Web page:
A Benign Way of Living

I heard it again this week. And it made me cringe. If you’ve been a Christian for any amount of time you’ve probably heard it hundreds of times. I think it’s a Christian cop out. Over coffee with a friend, we discussed the failing state of the economy particularly its impact on our own personal financial situation. Then she said it. “Oh, well, God is in control.”
Now let me flatly state that I undoubtedly believe God is in control. There is no question in my mind that the God of the universe is sovereign and all-powerful. I am utterly convinced my life is in the hands and strong arms of a loving, reliably benevolent God. So what’s my problem?
Firstly, it’s the way we say it. So flippantly. So…Ka sera, sera, what will be will be. We walk away disengaged from what God might be birthing or restoring in our lives through this crisis…or pain…or disillusionment, relieved nothing more is required of us than to assure ourselves of divine omnipotence. There is no participation with God. We don’t stop to ask ourselves, “I wonder what God is up to in all this?” We act as if the only important thing is that God fix what ever is the problem. What we don’t realize is the great work God usually wants to accomplish is the transformation of our hearts into the likeness of his Son…and God often uses such crisis’ to do it. God always invites us into active participation with him in his purposes and ways but we seldom take the time or the effort to pay attention to what that looks like in our lives, especially when we think he should just “show up” and make things better.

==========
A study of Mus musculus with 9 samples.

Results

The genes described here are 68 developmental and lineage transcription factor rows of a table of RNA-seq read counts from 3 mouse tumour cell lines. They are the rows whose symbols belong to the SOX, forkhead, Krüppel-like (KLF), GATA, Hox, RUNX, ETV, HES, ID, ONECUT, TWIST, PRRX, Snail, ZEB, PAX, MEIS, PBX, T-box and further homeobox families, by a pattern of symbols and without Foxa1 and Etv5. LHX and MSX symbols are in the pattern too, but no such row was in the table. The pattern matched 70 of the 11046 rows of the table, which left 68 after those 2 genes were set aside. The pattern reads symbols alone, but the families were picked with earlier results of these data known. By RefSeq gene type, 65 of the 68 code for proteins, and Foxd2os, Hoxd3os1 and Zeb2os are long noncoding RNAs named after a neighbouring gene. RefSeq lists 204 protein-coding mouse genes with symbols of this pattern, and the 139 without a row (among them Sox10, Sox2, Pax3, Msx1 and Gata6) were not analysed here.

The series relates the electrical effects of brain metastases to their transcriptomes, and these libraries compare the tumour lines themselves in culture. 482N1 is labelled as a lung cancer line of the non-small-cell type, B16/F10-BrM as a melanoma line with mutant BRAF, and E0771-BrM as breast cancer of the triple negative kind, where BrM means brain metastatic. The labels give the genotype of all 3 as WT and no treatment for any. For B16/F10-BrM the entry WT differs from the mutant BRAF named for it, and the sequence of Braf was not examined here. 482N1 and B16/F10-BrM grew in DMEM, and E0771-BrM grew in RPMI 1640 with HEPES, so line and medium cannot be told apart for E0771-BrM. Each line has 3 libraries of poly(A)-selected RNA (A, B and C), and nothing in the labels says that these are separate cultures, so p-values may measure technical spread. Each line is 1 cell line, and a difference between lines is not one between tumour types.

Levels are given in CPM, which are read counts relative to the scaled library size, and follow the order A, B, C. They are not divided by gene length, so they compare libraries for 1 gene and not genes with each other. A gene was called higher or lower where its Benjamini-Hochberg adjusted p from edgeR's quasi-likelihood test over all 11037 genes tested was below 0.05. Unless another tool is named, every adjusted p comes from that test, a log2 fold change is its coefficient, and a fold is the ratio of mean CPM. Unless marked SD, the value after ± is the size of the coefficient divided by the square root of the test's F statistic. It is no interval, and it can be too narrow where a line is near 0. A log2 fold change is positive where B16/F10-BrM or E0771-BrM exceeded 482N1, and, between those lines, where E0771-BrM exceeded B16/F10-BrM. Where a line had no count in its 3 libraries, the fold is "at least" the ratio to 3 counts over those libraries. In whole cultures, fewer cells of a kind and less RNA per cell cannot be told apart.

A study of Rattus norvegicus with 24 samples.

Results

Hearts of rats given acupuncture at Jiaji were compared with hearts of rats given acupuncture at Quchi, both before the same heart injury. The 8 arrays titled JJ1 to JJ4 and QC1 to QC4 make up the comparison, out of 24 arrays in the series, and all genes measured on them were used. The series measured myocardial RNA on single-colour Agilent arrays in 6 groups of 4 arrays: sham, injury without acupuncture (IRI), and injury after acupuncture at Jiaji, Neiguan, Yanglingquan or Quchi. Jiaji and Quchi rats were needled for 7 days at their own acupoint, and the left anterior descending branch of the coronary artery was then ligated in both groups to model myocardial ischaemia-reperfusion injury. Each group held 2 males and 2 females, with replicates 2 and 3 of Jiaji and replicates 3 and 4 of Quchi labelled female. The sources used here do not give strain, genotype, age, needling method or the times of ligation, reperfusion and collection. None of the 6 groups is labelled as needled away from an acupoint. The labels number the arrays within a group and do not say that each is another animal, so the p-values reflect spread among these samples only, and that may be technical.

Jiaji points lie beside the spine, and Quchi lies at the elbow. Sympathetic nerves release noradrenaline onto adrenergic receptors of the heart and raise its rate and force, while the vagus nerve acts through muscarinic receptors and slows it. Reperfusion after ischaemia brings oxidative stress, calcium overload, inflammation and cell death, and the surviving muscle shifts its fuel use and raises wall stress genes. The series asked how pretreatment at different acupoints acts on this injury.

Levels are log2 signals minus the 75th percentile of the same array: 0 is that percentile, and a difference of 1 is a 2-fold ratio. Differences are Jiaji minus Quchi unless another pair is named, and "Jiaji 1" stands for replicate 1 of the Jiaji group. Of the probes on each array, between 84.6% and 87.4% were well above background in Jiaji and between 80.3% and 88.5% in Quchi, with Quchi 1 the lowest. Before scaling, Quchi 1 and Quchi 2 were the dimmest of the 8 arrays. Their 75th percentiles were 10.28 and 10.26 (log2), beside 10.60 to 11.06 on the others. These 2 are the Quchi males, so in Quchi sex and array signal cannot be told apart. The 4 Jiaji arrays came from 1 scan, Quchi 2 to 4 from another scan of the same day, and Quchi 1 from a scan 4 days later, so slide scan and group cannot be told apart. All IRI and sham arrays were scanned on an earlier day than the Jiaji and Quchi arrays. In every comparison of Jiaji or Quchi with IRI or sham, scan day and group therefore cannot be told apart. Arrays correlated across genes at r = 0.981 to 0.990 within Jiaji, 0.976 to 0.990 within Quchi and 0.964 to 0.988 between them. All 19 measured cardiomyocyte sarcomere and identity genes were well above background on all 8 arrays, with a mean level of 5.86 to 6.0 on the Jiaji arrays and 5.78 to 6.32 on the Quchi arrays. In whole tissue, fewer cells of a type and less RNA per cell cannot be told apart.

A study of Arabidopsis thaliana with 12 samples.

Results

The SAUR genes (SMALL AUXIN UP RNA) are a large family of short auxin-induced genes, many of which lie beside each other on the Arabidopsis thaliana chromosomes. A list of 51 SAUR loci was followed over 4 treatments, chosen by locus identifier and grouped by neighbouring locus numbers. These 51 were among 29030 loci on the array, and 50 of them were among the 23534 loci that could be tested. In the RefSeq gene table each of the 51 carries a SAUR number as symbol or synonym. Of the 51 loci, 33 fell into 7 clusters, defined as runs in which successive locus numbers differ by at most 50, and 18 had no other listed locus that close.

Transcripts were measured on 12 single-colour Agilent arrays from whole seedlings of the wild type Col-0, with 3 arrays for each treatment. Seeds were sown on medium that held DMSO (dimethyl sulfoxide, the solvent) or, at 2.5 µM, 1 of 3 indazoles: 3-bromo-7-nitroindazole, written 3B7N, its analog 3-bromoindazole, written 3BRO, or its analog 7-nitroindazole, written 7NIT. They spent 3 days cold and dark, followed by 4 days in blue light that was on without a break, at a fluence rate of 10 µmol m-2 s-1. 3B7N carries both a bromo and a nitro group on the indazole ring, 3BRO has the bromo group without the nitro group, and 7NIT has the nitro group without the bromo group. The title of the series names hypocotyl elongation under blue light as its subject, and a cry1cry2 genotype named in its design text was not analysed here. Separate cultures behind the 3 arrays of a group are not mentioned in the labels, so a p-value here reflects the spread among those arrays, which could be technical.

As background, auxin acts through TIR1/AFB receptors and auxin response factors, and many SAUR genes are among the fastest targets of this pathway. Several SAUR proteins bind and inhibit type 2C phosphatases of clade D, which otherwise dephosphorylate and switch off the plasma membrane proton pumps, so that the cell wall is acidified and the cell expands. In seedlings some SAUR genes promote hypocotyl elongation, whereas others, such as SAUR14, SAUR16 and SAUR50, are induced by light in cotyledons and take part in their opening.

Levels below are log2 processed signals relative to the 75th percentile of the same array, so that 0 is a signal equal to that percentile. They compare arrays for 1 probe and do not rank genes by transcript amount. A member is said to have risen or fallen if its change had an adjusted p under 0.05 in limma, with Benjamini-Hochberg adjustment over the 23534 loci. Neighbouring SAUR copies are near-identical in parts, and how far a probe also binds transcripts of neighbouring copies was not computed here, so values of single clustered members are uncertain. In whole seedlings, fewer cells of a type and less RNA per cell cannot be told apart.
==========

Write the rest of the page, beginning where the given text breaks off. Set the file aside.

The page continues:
Second, I believe we secretly believe that because God is in control he will work it out or fix it how we want. He will surely make it go well with me, we think. Isn’t that what my friend meant? Surely she didn’t think that she would lose her job or have her 401k collapse. The tragedy in all this is when God does not move or work in the way we prescribe, we feel slighted, disappointed, or worse, angry at God’s seeming  indifference at our condition. And in doing, we miss the struggle of what it means to follow a God whose ways are higher than our own. It’s such a benign way of living.
This made me think of Jacob wrestling with the angel at Peniel (Gen 32:22-32). Although I have never wrestled I do know you cannot remain unengaged; and it requires all of you, body, soul, and mind. The wrestlers’ bodies are fully engaged and there is intimate contact. It seems very personal! God seems to enjoy wrestling with us. He, in fact, even invites us into it. However, we often just don’t want to go there. We don’t want to wrestle with God. In doing so, we miss the blessing of what comes out of that engagement. We may walk away with a limp, but also with a new name.
Perhaps you’re believing God for healing. You say, “You’re in control, God!” Indeed he is. But don’t miss the healing he brings because you’re looking for it to look a certain way. Perhaps healing has more to do with learning to worship than getting life fixed.
God is in control. His agenda includes helping you recover your life. Real life….in all it’s messiness, mystery, and glory.

  1. And when we are talking about things that involve our culture, our nations, people around us, it is a cop-out to simply say “God is in control”. It means, “I don’t have to become politically active, morally aware, emotionally involved with what is causing things to breakdown. God is my insurance policy.” I don’t have to think that perhaps the way that I live impacts many people unknown to me. That while 2 billion people in the world live on $1 a day, I contribute to their poverty by how I consume.